Market Square truly is a jewel in the heart of Pittsburgh. Pittsburgh was founded at The Point. This is where the Allegheny and Monongahela Rivers merge to form the Ohio River. As the budding community at Fort Pitt grew beyond the settlement there, it became apparent that the developing city needed some direction. In 1784, Philadelphia surveyors George Woods and Thomas Vickroy were sent to layout the new city. The pair created a common area. It was known as the “Diamond,” a Scottish term for a public square. Eventually, this Diamond would become known as Market Square.
In 1794, the Diamond was the first location to the Allegheny County Courthouse and the first jail . It was also where the first newspaper published west of the Allegheny Mountains, The Pittsburgh Gazette., was located. It also contained the original Market House, on the eastern side of the square. In those days, goods were brought to the city by steamboat and offloaded at the Mon Wharf then brought to the square. Farmers and merchants also sold their wares at Market Square.
In 1841 the courthouse moved to Grant Street and the square became exclusively a market district. A raging fire destroyed one-third of the buildings in downtown Pittsburgh in 1845. The wooden market buildings were not destroyed by fire. However, in 1852 they were replaced with two brick buildings, the Diamond Market Houses. Each of the buildings covered half of the square and were operated by the city.
After 62 years, the Diamond Market Houses were demolished in 1914. Market Square was reinvented with the opening of The New Diamond Market. An H-shaped building that occupied all four quadrants of the square and was built with openings that allowed Diamond Street traffic to pass below and intersect with Market Street. Grocers, bakers and florists attracted shoppers to the vast market. It featured an exhibition hall and a boxing ring on the second floor. At one time, the market even had a roller-skating rink on the third floor.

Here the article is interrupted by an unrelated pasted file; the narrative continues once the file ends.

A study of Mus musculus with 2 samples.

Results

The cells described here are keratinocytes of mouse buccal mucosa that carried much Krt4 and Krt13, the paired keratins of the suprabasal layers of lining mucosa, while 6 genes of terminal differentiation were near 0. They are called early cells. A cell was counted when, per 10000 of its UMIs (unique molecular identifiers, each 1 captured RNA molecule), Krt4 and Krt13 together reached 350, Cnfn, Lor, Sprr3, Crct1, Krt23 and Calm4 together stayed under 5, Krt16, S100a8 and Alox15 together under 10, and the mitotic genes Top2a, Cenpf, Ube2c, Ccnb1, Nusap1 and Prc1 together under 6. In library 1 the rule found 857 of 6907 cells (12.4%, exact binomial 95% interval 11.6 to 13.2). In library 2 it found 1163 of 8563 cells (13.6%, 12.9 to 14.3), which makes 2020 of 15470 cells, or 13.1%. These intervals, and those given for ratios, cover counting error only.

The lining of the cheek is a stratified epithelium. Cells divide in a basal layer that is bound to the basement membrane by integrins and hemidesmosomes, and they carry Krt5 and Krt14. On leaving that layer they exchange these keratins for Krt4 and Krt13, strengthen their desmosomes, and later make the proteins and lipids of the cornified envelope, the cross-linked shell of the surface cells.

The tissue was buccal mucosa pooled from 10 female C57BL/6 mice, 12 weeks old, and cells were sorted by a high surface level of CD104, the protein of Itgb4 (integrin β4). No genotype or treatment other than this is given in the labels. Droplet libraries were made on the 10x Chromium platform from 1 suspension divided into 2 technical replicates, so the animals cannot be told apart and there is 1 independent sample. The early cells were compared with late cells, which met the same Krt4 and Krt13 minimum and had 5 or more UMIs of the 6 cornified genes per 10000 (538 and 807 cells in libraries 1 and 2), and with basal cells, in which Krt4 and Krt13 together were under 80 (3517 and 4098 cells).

However, as more people moved to the suburbs and shopping centers were built, the Diamond Market’s appeal as a shopping district lessened. In 1958, Mayor David L. Lawrence changed the name of Diamond Street to Forbes Avenue, to honor General John Forbes, who took this area from the French.
The New Diamond Market fell into disrepair. In 1959 a cornice fell from the building, injuring a woman. This prompted an inspection of the building, which revealed to officials that it needed extensive repairs and was infested by pigeons and their droppings.
In 1961, The New Diamond Market buildings were razed to create an open plaza. It was composed of four grassy quadrants, which were crossed by Forbes Avenue and Market Street. It became a popular hangout for the lunch-time crowd and a place to feed pigeons. In 1972, Market Square was designated as the city’s first historic district. Hartzell Memorial Fountain was brought to the square in 1977. It was constructed in 1909 by James E. Hartzell for his late wife Annie, which is inscribed with the words, “For Man, Beast and Bird.” It served as a birdbath and public water fountain until 1990. It now resides on the North Side at North Commons and Federal Street.
When PPG Place was constructed the early 1980s, the old buildings surrounding the square in one of the quadrants were demolished to make way for the new PPG structures. Market Squares’ most recent remodeling came in 2009. The intersection in the middle of the square was eliminated and traffic was diverted around the perimeter. The four grass quadrants were paved over, creating a larger European-style gathering place, surrounded by restaurants and shops.
Today, Market Square continues to be Pittsburgh’s gathering place. It houses numerous shops and restaurants, including the Original Oyster House, which has been on the square since 1870. It is the oldest bar and restaurant in the city. During the holidays, the Peoples Gas Holiday Market entices shoppers to the square with its German-styled Christkindlmarkts. In the warmer months, a Farmers’ Market is held. People also gather in Market Square for Light-Up Night, the Irish Fair for St. Patrick’s Day and for pep rallies for the Penguins and Steelers. Additionally, free concerts and even Yoga in the Square occur.
Our Diamond in the heart of the city has gone through many changes. However for more that two centuries it has remained a gathering place for the Pittsburgh community.